Non-Native Birds

There are a number of non-native species that have been introduced through human activity in the last 100 years. Maui's native birds coevolved in isolation and developed specialized traits that minimize competition. Several non-native species occur within the same habitat, eat the same foods, and use similar foraging strategies as native birds. Direct competition for limited food and habitat may be a serious issue. Some of these introduced species are resistant to avian pox and malaria and may serve as reservoirs for these devastating diseases. Additionally, because these species are common island-wide, they may also spread seeds of invasive plants into native habitats. 

Japanese White-eye (Zosterops japonicus)

This small passerine native to Eastern Asia was intentionally introduced to the Hawaiian Islands around 1930. It quickly spread throughout the Hawaiian Archipelago and became the most abundant passerine on the islands today. The species is highly adaptable and occurs in all habitats in Hawai’i from sea level to tree-line. It is abundant in Hanawi Natural Area Reserve and The Nature Conservancy's Waikamoi Preserve. Japanese White-eyes have a varied diet which includes arthropods and their larvae as well as fruits and nectar. There is much overlap in habitat use and foraging strategies between this species and Maui's native forest birds and they may be major competitors for limited food resources.

Red-billed Leiothrix (Leiothrix lutea)

An extremely active, boldly colored passerine native to Southeast Asia, Southern China, and the Indian Himalayas, this popular cage bird was intentionally released in the Hawaiian Islands in 1911. Despite its behavior and striking coloration, it can be surprisingly difficult to locate as it flits through dense vegetation. It is found in a wide variety of habitats in the Hawaiian Islands and is fairly common in Hanawi where it forages in the understory on fruits and invertebrates.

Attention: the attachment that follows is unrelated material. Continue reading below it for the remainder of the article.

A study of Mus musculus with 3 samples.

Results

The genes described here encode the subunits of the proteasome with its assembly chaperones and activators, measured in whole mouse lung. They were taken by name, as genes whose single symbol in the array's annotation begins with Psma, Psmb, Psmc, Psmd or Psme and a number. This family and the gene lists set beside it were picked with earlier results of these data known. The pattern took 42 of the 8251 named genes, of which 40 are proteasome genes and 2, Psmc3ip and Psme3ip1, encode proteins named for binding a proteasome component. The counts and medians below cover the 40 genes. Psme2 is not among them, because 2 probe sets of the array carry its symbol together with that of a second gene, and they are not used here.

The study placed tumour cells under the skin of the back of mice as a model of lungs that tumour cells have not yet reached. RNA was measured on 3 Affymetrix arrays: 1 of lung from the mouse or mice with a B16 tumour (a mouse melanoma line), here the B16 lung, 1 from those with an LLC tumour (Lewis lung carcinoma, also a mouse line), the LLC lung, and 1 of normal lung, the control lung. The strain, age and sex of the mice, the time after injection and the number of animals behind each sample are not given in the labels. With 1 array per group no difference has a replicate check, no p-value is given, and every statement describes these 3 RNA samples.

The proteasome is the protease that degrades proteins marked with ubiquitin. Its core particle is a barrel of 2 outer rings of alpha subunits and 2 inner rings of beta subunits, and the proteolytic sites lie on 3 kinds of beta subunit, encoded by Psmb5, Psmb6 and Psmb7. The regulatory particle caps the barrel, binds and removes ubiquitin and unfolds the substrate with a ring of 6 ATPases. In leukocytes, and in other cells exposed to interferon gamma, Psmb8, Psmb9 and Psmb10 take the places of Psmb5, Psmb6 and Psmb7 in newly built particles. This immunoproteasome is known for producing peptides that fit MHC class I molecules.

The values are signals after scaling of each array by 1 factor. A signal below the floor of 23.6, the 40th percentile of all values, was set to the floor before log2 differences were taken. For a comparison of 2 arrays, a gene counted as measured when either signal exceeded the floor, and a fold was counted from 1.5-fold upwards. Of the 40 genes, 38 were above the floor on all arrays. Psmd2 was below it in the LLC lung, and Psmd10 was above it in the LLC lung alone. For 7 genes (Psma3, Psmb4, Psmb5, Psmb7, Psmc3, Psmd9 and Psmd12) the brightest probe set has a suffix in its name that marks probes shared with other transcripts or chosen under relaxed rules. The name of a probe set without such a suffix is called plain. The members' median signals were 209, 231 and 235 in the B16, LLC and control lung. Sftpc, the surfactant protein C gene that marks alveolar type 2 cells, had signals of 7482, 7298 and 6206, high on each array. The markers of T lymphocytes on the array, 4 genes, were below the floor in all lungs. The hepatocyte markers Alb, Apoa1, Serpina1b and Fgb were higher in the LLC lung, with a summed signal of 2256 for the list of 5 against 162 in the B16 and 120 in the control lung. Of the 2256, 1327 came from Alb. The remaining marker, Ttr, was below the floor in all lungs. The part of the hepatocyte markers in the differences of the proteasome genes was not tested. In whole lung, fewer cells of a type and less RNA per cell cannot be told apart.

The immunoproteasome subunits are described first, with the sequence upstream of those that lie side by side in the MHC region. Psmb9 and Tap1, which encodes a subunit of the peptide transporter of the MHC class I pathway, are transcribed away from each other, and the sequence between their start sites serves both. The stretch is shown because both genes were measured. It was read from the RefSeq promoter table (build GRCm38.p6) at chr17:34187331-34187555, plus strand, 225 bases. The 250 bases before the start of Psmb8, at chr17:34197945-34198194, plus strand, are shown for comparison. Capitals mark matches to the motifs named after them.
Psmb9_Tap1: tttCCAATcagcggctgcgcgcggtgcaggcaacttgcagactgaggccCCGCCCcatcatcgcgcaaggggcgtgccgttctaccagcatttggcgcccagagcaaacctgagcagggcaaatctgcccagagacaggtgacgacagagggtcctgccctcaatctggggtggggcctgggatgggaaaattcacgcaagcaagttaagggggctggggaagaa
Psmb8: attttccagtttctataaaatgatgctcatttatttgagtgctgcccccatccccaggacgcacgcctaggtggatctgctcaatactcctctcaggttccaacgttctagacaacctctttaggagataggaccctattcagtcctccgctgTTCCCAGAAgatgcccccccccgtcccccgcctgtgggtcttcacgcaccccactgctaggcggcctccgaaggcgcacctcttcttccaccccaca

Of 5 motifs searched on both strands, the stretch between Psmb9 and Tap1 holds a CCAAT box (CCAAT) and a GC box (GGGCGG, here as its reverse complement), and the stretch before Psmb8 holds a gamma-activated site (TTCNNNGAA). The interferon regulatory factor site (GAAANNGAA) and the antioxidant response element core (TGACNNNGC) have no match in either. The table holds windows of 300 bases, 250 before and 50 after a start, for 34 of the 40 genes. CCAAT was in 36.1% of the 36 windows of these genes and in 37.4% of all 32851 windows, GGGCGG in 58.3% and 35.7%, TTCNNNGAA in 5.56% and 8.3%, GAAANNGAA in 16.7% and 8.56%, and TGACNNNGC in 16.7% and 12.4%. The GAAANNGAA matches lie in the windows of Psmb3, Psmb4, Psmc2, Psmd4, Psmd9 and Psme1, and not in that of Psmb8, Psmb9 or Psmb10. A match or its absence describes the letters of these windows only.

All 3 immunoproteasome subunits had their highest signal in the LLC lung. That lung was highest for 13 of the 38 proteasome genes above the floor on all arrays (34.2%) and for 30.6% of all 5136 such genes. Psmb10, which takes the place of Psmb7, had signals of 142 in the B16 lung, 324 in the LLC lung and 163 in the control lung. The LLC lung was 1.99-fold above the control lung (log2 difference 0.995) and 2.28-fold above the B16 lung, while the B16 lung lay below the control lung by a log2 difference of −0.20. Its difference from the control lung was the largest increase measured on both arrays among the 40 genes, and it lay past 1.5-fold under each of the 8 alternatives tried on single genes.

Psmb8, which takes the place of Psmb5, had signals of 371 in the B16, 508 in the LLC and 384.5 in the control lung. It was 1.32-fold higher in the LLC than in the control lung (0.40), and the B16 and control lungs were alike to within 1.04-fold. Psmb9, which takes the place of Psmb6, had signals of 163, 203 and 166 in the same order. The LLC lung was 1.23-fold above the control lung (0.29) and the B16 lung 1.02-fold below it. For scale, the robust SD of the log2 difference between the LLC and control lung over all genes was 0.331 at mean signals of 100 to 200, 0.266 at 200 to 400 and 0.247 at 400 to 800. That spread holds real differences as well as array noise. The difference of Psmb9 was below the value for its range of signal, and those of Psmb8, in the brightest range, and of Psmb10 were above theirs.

Japanese Bush-warbler (Cettia diphone)

This drably plumaged denizen of dense forest understory and thickets can be very difficult to locate visually. It can be identified by its warm brown upperparts, drab whitish breast and flanks and conspicuous supercilium. During the breeding season, it makes a loud, distinctive song. This warbler-like passerine native to Japan was introduced to the Hawaiian Islands in the 1930s. It is common on Oahu and within the last 10 years has spread to Moloka'i, Lana'i, Maui, and Kaua'i. On Maui, this species is rapidly increasing and is now common where we work and may be another competitor for food resources. 

Melodius Laughing-thrush (Garrulax canorus)

This is another drably plumaged, skulking passerine fond of dense vegetation. It can be identified by its rusty-brown plumage, white 'spectacles', yellow bill and rich, varied song. Native to China and Southeast Asia, it was introduced to Hawai'i in the 1900s and is common on Kaua’i, Maui, and Hawai’i. It feeds on fruit and insects and is found in low numbers in high elevation forest.

Other introduced birds found on Maui - None of the following are native!

  • Eurasian Sky Lark (Alauda avarensis)
  • White-rumped Shama (Copsychus malabaricus)
  • Common Myna (Acridotheres tristis)
  • Northern Mockingbird (Mimus polyglottos)
  • Northern Cardinal (Cardinalis cardinalis)
  • Chestnut Munia (Lonchura atricapilla)
  • Red-crested Cardinal (Paroaria coronata
  • House Sparrow (Passer domesticus
  • House Finch (Carpodacus mexicanus
  • Java Sparrow (Padda oryzivora)
  • African Silverbill (Lonchura cantans
  • Scaly-breasted Munia (Lonchura punctulata)
  • California quail (Callipepla californica)
  • Wild Turkey (Meleagris gallopavo)
  • Chukar (Alectoris chukar)
  • Black Francolin (Francolinus francolinus)
  • Gray Francolin (Francolinus podcicerianus)
  • Red Jungle fowl (Chickens) (Gallus gallus)
  • Ring-necked Pheasant (Phasianus colchicus)
  • Golden Pheasant (Chrysolophus pictus)
  • Indian Peafowl (Peacock) (Pavo cristatus)
  • Cattle Egret (Bubuclus ibis)
  • Rock Pigeon (Columba livia)
  • Spotted Dove (Streptopelia chinensis)
  • Zebra Dove (Geopelia striata)
  • Mourning Dove (Zenaida macroura)
  • Barn Owl (Tyto alba)

There are many more introduced birds to Hawaii. Please view field guides in Resources for more information.